GEORGETOWN — Among the nine recipients of the South Carolina African American Heritage Commission's 2021 annual achievement awards are two from Georgetown: The Village Group and Marilyn Hemingway with the Herbert A. DeCosta Trailblazer Award.
Georgetown is the only community recognized twice among the statewide awards, and both Hemingway and The Village Group's director, Ray Funnye, believe this is a direct example of how strong, vibrant and resilient the African American community in Georgetown is.
"There's this strain of conversation that says the Gullah language and culture is dying, and its not. The culture is not dying, its evolving," Hemingway said.
The awards are in coordination with the WeGOJA Foundation, whose goal is to identify and promote the preservation of historic sites, structures, buildings, and culture of the African American experience in South Carolina. The foundation's executive director, Dawn Dawson-House, said that often times, Georgetown and its African American history is not given as much attention as other communities such as Charleston. Despite this, she said a lot of work is being done in Georgetown to educate people on African American culture and history, and the foundation wanted to be sure that ws recognized in this years' awards.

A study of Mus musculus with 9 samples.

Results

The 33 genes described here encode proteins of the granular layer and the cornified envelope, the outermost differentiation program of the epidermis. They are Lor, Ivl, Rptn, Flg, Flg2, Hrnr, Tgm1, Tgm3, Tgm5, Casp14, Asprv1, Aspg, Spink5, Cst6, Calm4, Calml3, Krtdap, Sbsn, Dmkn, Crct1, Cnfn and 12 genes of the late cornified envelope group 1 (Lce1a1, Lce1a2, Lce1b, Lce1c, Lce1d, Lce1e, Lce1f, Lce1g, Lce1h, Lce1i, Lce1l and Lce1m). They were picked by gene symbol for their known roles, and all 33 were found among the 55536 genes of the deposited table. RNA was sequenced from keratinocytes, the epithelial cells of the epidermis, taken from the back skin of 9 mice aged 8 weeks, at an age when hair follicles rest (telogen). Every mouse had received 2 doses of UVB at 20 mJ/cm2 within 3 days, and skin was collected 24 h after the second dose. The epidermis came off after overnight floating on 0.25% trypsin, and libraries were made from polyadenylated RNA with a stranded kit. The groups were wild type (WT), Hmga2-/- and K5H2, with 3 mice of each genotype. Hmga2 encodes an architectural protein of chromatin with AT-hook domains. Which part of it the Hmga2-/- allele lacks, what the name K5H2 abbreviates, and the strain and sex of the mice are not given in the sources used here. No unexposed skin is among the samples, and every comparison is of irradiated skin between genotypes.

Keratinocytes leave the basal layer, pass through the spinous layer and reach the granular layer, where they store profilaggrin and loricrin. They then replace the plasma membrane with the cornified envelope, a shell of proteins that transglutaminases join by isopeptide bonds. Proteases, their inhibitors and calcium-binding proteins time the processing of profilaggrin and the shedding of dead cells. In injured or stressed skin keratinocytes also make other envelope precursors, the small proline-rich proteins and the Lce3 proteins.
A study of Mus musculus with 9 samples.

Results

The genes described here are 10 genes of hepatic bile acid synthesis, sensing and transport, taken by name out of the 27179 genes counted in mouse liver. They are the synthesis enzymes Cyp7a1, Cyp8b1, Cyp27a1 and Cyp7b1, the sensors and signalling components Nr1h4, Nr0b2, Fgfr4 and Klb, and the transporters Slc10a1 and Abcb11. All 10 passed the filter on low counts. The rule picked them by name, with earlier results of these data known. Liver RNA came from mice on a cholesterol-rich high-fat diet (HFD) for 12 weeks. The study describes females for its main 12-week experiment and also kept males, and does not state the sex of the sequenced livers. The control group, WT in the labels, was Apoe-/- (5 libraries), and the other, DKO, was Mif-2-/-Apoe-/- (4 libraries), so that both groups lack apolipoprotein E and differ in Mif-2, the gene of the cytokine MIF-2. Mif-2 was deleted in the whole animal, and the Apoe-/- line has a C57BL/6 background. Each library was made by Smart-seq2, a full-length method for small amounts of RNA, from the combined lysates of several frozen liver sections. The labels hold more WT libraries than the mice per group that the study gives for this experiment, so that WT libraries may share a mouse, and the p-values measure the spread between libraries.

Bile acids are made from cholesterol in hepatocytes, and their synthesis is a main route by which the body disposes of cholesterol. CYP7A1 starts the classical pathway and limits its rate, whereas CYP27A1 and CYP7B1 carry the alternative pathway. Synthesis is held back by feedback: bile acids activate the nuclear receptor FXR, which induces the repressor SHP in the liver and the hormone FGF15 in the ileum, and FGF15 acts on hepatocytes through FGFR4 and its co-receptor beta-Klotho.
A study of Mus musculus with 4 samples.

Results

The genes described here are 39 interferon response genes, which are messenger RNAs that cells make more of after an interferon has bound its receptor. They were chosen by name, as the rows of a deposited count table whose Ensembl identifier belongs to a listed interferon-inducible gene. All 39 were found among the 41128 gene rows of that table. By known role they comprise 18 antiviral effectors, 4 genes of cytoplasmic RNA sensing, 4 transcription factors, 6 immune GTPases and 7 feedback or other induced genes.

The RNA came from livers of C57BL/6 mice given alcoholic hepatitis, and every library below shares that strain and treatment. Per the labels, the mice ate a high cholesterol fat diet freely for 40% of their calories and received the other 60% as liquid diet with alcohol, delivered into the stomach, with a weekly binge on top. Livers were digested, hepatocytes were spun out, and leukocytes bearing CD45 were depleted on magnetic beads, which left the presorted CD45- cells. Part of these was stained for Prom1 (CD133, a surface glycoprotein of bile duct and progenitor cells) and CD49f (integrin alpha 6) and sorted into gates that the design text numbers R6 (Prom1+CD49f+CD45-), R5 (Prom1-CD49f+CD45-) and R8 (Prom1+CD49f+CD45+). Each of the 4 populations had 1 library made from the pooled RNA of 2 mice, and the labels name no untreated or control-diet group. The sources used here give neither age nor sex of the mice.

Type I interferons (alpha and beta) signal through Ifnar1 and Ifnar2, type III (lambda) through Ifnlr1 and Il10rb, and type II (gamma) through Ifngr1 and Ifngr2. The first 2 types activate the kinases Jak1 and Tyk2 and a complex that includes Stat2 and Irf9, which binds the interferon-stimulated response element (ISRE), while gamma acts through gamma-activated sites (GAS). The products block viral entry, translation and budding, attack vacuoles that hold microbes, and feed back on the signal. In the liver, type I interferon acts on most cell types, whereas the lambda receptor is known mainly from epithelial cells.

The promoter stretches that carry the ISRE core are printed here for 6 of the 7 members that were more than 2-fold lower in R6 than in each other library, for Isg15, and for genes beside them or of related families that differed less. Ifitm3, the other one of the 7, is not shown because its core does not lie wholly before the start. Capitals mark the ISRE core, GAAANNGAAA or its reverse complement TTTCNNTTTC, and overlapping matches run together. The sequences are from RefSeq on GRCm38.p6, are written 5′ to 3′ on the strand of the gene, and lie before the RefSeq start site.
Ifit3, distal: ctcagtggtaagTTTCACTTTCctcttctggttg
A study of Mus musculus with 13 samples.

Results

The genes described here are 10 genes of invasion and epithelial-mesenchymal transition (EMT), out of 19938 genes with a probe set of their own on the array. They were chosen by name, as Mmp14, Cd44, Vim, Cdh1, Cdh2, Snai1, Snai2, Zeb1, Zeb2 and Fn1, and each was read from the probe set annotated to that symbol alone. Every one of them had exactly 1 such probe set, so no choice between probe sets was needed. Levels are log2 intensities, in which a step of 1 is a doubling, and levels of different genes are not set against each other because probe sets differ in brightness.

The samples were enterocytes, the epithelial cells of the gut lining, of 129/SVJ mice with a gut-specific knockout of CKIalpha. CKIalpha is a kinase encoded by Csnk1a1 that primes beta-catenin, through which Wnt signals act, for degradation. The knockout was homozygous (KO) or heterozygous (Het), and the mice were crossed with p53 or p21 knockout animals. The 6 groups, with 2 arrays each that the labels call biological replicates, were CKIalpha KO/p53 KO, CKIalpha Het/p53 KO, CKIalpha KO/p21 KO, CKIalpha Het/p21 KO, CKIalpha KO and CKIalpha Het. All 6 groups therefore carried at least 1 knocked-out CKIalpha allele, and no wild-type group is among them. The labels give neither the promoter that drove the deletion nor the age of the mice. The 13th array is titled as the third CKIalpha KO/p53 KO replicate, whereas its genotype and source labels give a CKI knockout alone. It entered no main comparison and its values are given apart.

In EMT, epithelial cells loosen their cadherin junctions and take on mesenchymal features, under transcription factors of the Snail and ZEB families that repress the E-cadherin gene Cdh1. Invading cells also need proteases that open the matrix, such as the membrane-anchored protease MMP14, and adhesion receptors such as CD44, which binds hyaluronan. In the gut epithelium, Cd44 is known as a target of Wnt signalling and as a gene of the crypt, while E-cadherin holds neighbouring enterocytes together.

"Both Marilyn Hemingway and The Village Group, despite the pandemic, both went out of their way to reach African American communities, shore them up, help them and support them," Dawsom-House said.
CEO and President of the Gullah Geechee Chamber of Commerce, Hemingway is a Georgetown native who is passionate about social entrepreneurship, business development and economic vibrancy. She is known throughout the community for her dedication to preserving and honoring Gullah Geechee culture in South Carolina.
Herbert A. DeCosta was a prominent Black business man throughout South Carolina and was president of his family-owned architecture firm, which many considered to be one of the most successful of its kind in the state. Hemingway said she was grateful to be recognized with an award honoring DeCosta, even though she doesn't seek out awards such as it.
"The work I do is because I love my community ... and that includes recognizing and appreciating my heritage and culture," Hemingway said.
The Village Group is a nonprofit youth program out of Plantersville that provides after school programing to students, and was recognized for its work in improving the Plantersville community and building a brighter future for its children.
Recently, The Village Group partnered with HTC to provide students in Georgetown County with hot spots at the Plantersville Cultural Center and Plantersville Community Center. Though all students in Georgetown County School District were offered Chromebooks, many lacked access to internet.
Funnye said this initiative as well as all work done at the cultural center is about providing for the youth in Plantersville and Georgetown and bringing information to the community about African American culture and history.
"I think recognizing Georgetown two times in this award is indicative of our community and the work that we are doing now to highlight our ancestors and the work they have done," Funnye said.